Minoxidil (Rogaine) is a popular product for people with thinning hair. The product comes as a gel or a foam, and is meant to be applied topically to your scalp on a daily basis.

When people first start using minoxidil to restore their hair, some notice that they actually start losing more of it — at least for a short period of time.

There are plenty of clinical trials and medical evidence that support the use of minoxidil for moderate hair loss caused by alopecia. But how do you know if it’s actually working, especially if it looks like you’re losing more hair than before?

Let’s cover hair loss caused by Rogaine so you can understand how common it is, what causes it, and whether you should be concerned.

Minoxidil was a drug originally developed to treat hypertension.

Researchers observed that people who had alopecia and used minoxidil for hypertension experienced hair regrowth, and the world’s most popular over-the-counter treatment for alopecia was born. People have been using minoxidil to treat hair loss since 1986.

The way that minoxidil works isn’t completely clear. What’s apparent is that minoxidil decreases hair loss in some people while also increasing hair growth. It doesn’t work for everyone.

Minoxidil is also classed as a vasodilator, meaning that it dilates your blood vessels so that blood flows more easily where it’s applied. An increase in blood circulation to your scalp could be part of why minoxidil increases hair growth.

Minoxidil and the hair growth cycle

Your hair follicles go through four phases of growth. Not every follicle is in the same phase at once. Minoxidil is believed to affect two stages of hair growth.

Anagen phase

The anagen phase of hair growth is its “growing” phase. This is when the hair is being pushed out from the root. Applying minoxidil may extend the length of the anagen phase.

Telogen phase

The telogen phase of your hair is its “resting” phase, when it’s done growing but not yet ready to fall out. In clinical trials on rats, minoxidil shortened the telogen phase of hair from 20 days to 1 to 2 days.

Minoxidil’s side effects are typically mild. Common side effects include mild itching and burning as well as flaky skin. Minoxidil can also cause your hair to shed, especially when you first start using it.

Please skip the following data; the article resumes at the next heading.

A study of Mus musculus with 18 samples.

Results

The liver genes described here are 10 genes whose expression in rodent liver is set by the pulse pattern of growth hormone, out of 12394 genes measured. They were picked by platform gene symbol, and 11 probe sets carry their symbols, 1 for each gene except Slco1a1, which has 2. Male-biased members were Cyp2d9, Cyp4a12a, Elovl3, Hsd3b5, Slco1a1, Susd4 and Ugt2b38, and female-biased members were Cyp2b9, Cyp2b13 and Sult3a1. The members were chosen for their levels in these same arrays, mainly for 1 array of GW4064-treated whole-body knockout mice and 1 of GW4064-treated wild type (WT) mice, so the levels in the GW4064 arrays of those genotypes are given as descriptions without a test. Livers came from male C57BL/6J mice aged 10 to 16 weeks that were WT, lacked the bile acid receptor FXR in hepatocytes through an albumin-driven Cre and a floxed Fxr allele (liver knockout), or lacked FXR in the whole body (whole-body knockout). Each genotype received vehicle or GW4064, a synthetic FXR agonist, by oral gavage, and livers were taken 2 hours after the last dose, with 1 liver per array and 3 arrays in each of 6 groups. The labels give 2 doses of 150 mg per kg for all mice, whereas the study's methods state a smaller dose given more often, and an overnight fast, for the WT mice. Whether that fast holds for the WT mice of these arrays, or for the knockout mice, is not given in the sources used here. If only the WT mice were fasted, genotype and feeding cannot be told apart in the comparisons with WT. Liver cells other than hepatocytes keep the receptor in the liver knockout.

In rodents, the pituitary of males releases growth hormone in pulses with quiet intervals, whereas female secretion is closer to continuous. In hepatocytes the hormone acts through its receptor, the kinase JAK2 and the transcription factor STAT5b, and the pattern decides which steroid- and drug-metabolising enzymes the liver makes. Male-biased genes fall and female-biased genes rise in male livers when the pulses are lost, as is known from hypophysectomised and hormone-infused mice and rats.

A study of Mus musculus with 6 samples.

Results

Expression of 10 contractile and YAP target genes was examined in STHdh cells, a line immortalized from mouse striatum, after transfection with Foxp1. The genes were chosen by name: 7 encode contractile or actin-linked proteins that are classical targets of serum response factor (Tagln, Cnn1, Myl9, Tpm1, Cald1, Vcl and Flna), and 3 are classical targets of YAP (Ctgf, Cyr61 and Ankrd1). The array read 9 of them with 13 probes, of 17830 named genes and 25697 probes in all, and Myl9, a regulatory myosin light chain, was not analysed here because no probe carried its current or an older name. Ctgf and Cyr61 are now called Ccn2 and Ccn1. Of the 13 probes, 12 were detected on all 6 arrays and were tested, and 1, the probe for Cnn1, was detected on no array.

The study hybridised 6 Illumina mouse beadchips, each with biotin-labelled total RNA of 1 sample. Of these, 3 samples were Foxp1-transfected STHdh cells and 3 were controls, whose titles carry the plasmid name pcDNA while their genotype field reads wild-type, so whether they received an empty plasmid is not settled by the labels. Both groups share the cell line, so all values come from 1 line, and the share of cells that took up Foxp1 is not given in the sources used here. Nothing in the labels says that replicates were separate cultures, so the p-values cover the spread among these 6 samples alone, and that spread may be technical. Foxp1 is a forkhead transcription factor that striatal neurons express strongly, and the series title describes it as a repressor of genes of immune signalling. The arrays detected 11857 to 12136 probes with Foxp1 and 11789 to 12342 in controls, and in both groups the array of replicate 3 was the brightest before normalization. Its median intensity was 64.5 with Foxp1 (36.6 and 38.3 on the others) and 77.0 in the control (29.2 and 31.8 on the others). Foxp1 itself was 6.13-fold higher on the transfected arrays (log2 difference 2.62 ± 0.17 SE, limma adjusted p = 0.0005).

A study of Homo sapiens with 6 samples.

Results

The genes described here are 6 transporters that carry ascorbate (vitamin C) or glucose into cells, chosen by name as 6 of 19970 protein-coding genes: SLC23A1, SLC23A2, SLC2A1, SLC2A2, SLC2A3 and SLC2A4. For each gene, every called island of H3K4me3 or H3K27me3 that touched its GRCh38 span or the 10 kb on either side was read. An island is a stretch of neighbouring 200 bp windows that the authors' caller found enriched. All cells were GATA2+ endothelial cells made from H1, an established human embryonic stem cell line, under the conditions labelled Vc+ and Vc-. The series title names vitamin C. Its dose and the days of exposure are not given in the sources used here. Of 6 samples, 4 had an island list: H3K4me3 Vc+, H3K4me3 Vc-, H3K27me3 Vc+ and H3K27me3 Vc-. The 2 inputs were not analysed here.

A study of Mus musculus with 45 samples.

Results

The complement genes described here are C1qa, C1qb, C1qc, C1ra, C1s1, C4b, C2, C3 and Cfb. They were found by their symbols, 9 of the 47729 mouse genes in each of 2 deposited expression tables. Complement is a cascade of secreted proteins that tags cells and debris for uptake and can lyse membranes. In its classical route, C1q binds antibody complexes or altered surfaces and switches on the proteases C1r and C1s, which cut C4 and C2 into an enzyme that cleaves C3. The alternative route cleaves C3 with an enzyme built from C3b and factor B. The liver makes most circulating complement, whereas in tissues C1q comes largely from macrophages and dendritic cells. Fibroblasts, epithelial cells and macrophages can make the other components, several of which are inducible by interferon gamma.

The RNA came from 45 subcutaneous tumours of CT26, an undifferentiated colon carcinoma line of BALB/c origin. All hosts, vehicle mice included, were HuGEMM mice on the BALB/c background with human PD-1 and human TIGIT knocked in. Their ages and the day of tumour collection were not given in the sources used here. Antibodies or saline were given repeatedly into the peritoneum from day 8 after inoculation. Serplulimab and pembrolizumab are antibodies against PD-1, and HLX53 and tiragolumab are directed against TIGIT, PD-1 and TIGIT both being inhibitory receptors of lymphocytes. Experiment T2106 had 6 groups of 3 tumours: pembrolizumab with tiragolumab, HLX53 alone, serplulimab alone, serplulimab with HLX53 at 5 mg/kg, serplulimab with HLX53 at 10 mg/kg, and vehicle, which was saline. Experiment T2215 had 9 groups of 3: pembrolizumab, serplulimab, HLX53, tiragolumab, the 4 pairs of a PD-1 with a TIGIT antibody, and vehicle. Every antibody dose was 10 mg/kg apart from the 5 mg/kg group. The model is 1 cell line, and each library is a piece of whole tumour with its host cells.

As minoxidil speeds up the resting phase of your hair, sometimes it falls out more quickly than it normally would.

However, minoxidil also extends the growth phase of your hair. That means that even though some hair shedding is to be expected at first, new hair growth should soon replace the hair that you’ve lost.

Not everyone will experience shedding as a side effect of minoxidil, while some may experience it severely. There aren’t statistics currently available that explore how common this particular side effect is.

You can’t do much to prevent minoxidil-related shedding — or even predict if you’ll experience it when you first start using the product.

One thing to be aware of is that the higher the concentration of minoxidil you use, the more powerful the side effect is likely to be. Using a foam with 2 percent concentration of minoxidil, for example, could cause fewer side effects than with a 5 percent concentration.

If you’re seeing a lot of hair loss, you might want to switch to a less powerful dose of minoxidil. If you’re concerned about hair loss and haven’t started using minoxidil yet, start with a lower concentration and work up to a higher one if you need it.

Results of minoxidil vary from person to person. Generally speaking, it takes about 8 weeks of consistent use to start to see results with minoxidil. After 4 months of use, you should start to see the end of hair loss and start to see hair growth.

If it’s been 4 months and you’re still seeing hair shedding, it may not be related to minoxidil. It’s also possible that minoxidil isn’t the right product for you. If you see a lot of your hair falling out after 4 months of use, speak with your doctor about alternative treatments.

Minoxidil does have some other side effects in addition to hair shedding. Side effects may include:

If you’re experiencing strong side effects as a result of minoxidil, call your doctor and discontinue use.

If you’ve been using minoxidil for several weeks and you’re still seeing more hair loss than growth, see your primary care doctor or a dermatologist. They may be able to determine if hair loss is being caused by another underlying health condition.

You should always seek medical attention if you experience the following:

  • yellow, green, or gray discharge coming from broken skin on your head
  • persistent scales, redness, or irritation on your scalp
  • sudden, patchy hair loss that doesn’t fit your normal hair loss pattern
  • depression or a mental health concern related to your hair loss

Some shedding is normal when you start using any topical product that contains minoxidil. If you’re concerned about hair loss, this might be alarming, but it’s typically no cause for concern.

If shedding doesn’t stop within 4 months of starting a hair regimen with minoxidil, discontinue use and speak with your doctor about other hair regrowth options.